Mental health is not always easy to understand and in turn can be frightening to most. However, not talking about it doesn’t make it any less of a problem.
As a culture, we often see not talking about sadness or mental health conditions as a way to safeguard people and their health, which doesn’t make sense – it’s like never talking about safe sex, it doesn’t help us at all. But what is mental health really?
The keyword to highlight here is illness – the same as physical disease. When we use words like distress or emotional issues, we downplay the seriousness of actual diseases like depression or anxiety which have the potential to cause significant emotional and physical harm if left untreated.
Mental Health And The Pandemic
The pandemic saw a huge surge in mental health conditions – it left behind holes in family photographs and group selfies. It’s incredibly humanising – for a situation like this to impact us not only physically but mentally as well. It opened our eyes to another underlying issue – the state of our collective mental health.
It left us wondering – how can we help? Arushi Singh, a senior psychologist at Mindpeers, and Dr. Naveen Kumar, founder trustee at Manas Foundation offered some insight on signs of deteriorating mental health to look out for, starting a dialogue about mental illnesses, and the importance of therapy and counselling.
What Signs Can We Look Out For?
Feeling a small amount of anxiety is normal and can be, to some extent, adaptive. It’s also fine to be unhappy on occasion – it’s a normal human emotion. But, if you start to feel sad all the time, it’s a cause for concern. If you’ve lost interest in things you used to enjoy, if you’re feeling unusually alone and helpless – you might benefit from seeking assistance and talking through these feelings with a professional.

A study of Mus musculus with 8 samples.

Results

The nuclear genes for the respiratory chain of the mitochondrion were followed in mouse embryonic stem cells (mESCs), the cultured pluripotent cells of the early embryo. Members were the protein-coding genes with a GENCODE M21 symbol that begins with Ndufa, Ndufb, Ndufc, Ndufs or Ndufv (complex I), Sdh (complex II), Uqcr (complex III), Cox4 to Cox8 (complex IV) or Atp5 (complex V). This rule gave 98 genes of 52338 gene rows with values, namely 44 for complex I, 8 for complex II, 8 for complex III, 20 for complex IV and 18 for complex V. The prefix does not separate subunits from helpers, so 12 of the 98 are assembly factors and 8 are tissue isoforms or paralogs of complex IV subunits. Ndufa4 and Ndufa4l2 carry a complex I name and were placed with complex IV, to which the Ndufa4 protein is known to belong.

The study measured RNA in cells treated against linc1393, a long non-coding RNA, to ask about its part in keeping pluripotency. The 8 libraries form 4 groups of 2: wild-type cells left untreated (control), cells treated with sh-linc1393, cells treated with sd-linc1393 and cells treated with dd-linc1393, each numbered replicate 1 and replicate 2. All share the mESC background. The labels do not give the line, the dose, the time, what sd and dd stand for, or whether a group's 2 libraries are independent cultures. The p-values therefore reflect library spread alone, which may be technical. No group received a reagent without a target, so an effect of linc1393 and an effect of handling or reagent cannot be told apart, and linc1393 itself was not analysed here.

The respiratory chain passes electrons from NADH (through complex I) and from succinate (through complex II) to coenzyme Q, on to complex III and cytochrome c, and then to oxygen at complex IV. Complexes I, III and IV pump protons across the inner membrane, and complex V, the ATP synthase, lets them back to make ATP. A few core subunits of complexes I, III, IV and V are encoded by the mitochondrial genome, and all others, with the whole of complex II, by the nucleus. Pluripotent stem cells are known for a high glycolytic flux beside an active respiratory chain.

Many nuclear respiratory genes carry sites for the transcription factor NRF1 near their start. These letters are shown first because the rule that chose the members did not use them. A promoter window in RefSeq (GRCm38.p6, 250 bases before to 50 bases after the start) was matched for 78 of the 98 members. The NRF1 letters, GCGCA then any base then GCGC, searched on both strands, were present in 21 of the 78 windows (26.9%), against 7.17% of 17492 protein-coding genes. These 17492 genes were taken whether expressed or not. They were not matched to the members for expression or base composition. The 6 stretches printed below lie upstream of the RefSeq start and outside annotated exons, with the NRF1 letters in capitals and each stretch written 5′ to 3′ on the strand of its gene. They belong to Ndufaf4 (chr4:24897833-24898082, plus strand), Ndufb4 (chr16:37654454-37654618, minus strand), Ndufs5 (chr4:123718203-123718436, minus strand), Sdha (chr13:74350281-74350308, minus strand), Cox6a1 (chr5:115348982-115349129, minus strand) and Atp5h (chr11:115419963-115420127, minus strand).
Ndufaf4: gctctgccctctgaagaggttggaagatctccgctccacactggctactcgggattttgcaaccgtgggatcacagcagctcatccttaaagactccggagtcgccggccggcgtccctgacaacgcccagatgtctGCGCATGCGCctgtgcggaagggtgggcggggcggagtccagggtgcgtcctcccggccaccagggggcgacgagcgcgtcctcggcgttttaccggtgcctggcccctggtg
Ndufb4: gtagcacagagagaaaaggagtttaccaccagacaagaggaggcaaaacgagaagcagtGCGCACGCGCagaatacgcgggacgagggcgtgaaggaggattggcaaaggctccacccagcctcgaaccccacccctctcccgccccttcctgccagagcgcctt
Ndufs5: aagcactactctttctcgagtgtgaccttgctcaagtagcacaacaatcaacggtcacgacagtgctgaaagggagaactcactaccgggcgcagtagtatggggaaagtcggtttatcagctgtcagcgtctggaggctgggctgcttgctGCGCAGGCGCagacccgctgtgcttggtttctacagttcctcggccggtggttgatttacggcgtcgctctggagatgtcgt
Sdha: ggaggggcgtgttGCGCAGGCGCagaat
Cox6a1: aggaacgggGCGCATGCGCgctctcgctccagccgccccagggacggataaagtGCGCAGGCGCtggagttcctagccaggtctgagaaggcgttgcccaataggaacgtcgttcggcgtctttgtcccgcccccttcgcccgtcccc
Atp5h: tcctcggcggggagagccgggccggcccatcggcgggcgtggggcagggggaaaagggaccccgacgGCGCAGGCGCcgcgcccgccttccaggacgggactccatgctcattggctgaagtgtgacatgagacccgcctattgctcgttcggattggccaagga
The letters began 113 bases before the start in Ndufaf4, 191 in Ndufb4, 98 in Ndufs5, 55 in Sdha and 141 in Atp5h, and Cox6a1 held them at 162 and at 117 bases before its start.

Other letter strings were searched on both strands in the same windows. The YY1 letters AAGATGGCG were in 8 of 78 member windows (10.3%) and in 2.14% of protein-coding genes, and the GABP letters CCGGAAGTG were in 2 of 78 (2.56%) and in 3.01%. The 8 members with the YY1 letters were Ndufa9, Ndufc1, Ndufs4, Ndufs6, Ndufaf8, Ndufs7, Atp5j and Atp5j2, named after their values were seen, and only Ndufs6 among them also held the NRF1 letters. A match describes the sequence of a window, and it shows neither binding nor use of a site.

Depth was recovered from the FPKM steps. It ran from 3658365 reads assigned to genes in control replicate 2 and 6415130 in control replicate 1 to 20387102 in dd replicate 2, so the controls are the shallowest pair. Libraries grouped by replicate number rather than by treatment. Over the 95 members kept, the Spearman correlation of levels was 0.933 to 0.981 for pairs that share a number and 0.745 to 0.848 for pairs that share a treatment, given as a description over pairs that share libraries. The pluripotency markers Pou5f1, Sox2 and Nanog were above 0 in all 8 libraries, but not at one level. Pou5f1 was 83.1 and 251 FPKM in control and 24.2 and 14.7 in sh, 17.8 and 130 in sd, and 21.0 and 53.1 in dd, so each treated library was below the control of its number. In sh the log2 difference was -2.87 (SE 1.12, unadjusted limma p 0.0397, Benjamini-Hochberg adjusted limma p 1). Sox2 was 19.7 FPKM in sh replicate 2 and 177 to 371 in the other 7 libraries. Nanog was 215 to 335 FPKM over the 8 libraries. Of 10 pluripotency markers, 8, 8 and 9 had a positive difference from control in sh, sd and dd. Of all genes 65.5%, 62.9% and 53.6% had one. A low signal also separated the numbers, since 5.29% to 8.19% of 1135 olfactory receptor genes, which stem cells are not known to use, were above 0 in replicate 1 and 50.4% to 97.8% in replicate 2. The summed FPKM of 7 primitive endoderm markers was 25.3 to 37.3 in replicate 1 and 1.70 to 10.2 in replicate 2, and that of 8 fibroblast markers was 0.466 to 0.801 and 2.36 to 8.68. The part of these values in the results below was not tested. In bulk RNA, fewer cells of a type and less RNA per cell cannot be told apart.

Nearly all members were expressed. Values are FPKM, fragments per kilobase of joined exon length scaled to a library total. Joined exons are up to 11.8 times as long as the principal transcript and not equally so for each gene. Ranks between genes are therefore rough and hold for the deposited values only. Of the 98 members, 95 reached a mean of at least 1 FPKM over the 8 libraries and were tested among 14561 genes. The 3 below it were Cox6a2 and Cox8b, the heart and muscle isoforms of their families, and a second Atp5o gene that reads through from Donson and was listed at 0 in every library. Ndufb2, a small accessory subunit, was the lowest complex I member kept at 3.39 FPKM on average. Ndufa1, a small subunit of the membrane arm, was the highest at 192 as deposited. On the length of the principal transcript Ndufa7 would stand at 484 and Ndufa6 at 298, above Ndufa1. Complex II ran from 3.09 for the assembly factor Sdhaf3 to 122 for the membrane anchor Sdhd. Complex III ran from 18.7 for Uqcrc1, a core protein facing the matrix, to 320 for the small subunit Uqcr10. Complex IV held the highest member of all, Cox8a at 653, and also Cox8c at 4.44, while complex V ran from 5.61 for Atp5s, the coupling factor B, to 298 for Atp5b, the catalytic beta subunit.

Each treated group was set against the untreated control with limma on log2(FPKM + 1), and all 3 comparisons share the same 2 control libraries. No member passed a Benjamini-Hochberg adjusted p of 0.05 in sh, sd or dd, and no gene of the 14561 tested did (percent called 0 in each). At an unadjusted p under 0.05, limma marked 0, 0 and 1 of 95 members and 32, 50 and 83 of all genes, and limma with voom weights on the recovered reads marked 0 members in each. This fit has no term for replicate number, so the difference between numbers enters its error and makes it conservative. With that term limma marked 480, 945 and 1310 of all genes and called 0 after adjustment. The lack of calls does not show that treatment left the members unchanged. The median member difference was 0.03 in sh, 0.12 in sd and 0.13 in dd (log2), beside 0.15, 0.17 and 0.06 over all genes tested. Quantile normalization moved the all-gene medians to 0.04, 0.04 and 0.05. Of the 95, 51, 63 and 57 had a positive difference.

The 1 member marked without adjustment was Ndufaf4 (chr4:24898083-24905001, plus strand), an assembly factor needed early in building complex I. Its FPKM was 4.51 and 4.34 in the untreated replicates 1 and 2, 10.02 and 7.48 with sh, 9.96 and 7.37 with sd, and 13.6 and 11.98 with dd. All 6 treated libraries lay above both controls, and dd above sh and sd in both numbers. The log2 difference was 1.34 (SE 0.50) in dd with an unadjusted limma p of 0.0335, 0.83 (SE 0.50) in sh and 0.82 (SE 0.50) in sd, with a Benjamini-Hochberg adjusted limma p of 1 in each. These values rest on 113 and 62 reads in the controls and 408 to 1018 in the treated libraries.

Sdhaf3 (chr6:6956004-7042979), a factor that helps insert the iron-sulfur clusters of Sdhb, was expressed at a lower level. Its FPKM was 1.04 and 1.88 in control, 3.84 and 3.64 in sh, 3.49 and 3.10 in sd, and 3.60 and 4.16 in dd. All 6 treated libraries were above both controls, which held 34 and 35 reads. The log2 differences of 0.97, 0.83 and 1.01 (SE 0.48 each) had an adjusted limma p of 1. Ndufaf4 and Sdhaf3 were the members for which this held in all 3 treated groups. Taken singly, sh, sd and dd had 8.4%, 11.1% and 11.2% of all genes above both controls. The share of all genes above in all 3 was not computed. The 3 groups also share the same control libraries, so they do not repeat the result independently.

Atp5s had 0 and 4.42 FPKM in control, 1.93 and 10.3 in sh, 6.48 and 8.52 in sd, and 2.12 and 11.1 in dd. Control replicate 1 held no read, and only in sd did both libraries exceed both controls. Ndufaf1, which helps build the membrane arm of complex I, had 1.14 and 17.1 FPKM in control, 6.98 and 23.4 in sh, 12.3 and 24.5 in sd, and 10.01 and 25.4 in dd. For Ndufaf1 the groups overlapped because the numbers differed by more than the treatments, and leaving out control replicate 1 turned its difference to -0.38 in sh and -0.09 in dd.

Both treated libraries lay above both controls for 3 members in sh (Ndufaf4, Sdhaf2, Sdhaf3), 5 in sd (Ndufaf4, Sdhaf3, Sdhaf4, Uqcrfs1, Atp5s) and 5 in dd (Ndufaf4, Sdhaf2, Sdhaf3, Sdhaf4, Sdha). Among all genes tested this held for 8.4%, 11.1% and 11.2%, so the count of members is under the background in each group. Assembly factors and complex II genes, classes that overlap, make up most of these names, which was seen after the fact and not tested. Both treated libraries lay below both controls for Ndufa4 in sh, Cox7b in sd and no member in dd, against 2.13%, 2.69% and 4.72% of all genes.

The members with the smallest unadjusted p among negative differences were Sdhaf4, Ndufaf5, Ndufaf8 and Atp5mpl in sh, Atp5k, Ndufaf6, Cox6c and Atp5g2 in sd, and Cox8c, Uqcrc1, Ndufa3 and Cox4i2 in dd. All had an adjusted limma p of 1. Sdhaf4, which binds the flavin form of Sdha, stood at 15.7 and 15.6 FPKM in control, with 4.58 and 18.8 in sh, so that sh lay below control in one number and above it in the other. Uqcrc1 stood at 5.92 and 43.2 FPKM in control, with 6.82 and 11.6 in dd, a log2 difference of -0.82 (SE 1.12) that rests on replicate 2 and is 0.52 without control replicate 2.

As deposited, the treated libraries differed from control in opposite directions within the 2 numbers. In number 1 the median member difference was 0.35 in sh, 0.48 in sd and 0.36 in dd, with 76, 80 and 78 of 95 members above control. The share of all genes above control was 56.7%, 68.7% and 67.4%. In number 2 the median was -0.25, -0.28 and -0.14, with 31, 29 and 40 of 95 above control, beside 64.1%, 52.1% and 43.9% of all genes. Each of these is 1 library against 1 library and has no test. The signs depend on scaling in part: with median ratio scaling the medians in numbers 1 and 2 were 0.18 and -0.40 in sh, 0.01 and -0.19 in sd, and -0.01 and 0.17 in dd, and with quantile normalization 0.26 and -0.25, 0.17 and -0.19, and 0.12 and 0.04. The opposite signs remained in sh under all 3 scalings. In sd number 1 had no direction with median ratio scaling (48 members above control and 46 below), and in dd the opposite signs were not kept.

The biggest signs of a downward spiral are negativity, hopelessness, helplessness, and the inability to see a way out. Also, energy shifts – which might be anything out of the ordinary.
Don’t ignore whatever the change is for you. Notice if you’ve started drinking more, if you’re going out more or staying busier to avoid feeling something. Pay attention to yourself and to those around you. If you’re not feeling good, don’t tell yourself that you’re fine. Stop and ask yourself – why am I feeling this way?
How Can We Open Up This Conversation?
But what is mental health and how should you bring it up? There’s a lot of shame and fear in starting a conversation around mental health. Many of us believe we should not ask questions to which we do not have an answer – we shouldn’t ask questions because we might not know how to help.
But, you don’t have to have all the answers! If you’re worried about someone, don’t be afraid to ask them how they’re doing. It doesn’t mean you’ll be able to assist them. It means you’re willing to help them look for assistance.
Having said that, you don’t necessarily need to be struggling with your mental health to feel like getting through daily activities is hard because of persistent, or occasional negative thoughts. Whether you have a mental health disorder or occasionally feel overwhelmed, you could benefit from talking about your feelings and learning healthy coping mechanisms and strategies to deal with anxious thoughts. Instead of drowning in our emotions, let’s start taking our mental health seriously!
According to a recent study by WHO, many countries (70%) have adopted telemedicine or teletherapy to overcome disruptions to in-person services. Given the current requirement for support, Näck’s conscious step from the beginning has been to support mental health awareness hence its collaboration with Mindpeers, Asia’s first digital behavioural healthcare platform was launched where you can book a chat session with Mindpeers who are our mental health expert. If you or someone you know is struggling with their mental health, please reach out for help.